Adia Waldburger, of the Record staff
Ray Thacker, far right, president of the Oval Speedskating Club, instructs a group of students on Sunday morning at the first class of the Park City Speedskating Club.

Under the direction of Parkite David Harris, 40 participants spent the morning learning the basic techniques and rules of the sport. According to Harris, the warm reception of the sport in the area has been fabulous.

"To get a club started for a first session, its unbelievable," Harris said.

In fact, the introduction of the sport to Park City has been a bit of a whirlwind. The Park City Ice Arena’s grand opening occurred on the same weekend that Ohno claimed gold in the 500 meters. Needless to say, Harris’ sign-up table suddenly became quite popular.

"I was a marketer in my life and I couldn’t have planned it any better," Harris said.

Members of the Oval Speedskating Club also came up on those first days and demonstrated the skill and excitement of their sport.

The first session was immediately filled, and Harris soon found himself turning people away.

Harris has already organized a Park City Speedskating Club that will function under the direction of the Wasatch Speedskating Association and U.S. Speedskating along with the Oval’s club.

The positive response from the community is evident in the makeup of the first session. Kids as young as seven and adults as old as 60 attended. In between are men, women, parents, hockey players and cross-country skiers all interested in trying something new.

"Because of Park City being Park City, the response has been overwhelming," Harris said. "People want to try new sports."

During the two Sunday sessions, Harris and two coaches from the Oval divided the groups of 20 into smaller sections and carefully taught them the fundamentals of speedskating, including positioning, stride and crossovers.

The 72-year old Harris, a Brooklyn native, has been speedskating for the past 55 years, and rekindled his love affair with the sport when the Olympic Oval was built in Kearns for the 2002 Olympic Games. He was travelling down there twice a week for Oval Speedskating Club activities before the Park City rink was completed.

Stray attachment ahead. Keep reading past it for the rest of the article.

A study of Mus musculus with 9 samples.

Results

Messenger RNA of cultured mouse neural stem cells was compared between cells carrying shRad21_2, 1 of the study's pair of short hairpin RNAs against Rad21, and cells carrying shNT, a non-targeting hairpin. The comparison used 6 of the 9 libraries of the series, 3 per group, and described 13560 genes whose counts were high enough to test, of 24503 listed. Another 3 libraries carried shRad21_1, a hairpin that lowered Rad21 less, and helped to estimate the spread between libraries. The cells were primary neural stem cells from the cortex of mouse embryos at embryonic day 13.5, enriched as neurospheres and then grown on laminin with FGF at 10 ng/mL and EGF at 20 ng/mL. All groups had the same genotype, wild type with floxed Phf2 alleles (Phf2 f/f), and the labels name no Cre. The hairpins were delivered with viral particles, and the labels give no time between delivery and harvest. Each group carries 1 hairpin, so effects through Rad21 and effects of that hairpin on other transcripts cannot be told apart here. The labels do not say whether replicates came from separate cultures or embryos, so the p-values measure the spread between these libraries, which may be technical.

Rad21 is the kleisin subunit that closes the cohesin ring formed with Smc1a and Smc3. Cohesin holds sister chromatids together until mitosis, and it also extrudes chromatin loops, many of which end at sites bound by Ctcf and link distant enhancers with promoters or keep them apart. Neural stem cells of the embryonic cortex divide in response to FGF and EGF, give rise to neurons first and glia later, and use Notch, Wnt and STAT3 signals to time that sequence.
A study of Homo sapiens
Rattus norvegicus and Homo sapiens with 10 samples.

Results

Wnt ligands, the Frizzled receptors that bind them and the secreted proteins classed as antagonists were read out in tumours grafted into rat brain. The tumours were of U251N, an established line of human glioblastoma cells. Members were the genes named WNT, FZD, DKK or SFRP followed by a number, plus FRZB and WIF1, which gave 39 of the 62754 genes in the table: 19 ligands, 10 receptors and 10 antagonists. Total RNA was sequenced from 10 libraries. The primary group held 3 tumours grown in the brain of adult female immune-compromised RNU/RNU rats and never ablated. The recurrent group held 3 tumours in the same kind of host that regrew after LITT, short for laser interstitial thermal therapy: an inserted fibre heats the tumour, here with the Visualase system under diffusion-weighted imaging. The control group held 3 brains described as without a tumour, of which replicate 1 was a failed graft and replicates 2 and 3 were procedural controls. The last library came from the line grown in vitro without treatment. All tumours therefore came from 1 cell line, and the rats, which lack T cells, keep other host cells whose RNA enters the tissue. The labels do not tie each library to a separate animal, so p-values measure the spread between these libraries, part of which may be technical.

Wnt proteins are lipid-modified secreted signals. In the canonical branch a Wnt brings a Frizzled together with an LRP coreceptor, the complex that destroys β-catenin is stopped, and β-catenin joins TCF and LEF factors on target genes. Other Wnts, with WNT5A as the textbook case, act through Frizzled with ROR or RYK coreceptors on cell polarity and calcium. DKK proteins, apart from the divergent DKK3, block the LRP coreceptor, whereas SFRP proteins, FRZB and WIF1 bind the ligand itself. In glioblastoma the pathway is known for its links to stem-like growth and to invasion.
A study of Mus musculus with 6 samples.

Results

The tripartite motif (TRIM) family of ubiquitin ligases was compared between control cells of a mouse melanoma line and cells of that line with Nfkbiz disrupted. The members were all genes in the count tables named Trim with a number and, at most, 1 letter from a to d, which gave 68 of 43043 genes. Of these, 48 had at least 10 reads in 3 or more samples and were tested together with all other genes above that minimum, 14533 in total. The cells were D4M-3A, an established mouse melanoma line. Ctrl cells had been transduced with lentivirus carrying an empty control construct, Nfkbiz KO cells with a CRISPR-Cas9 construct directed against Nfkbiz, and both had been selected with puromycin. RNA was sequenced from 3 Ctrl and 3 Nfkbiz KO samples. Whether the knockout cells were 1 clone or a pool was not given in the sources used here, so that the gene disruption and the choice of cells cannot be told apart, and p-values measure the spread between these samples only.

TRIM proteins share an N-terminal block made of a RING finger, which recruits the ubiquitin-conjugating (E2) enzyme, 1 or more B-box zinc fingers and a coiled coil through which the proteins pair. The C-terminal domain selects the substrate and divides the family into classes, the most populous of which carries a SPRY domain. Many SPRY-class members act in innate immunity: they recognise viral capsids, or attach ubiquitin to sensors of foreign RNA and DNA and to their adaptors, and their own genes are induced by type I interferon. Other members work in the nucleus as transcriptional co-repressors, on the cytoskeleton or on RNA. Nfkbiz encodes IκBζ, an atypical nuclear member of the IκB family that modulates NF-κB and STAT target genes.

Within the scope of the six-week class, Harris will cover the rules and regulations of the sport as well as fine-tune the skaters’ skills. At the end he plans to hold a race or time trials.

With many Olympic speedskaters living and training in the area, Harris is hoping a few can make an appearance during the sessions to inspire the rookie skaters. This weekend’s start coincided with a U.S. Speedskating meeting in Salt Lake, and Harris said one official observed the class.

To get started, the fledgling club purchased 21 pairs of skates from Bont, an Australian speedskate manufacturer, to be used for the club. Harris has a personal friendship with owner Sarah Bont, who gave the club a large discount to help the program get off the ground. The RAP tax also benefited the club, providing safety pads to cover the boards, protecting skaters from slamming into the hockey boards.

Harris has also made the club a non-profit organization and will join the Youth WinterSports Alliance umbrella organization, to help support the continued growth of the club in the area both financially and through publicity efforts.

The Park City Speedskating Club will continuously hold introductory classes while the rink is open for six sessions every Sunday from 8:45-9:45 a.m. or 10-11 a.m. For more information on the club or classes, sign up at the Ice Arena front desk and Harris will contact those interested by e-mail.

"We’re off to a great flying start for the Park City Speedskating Club," Harris said.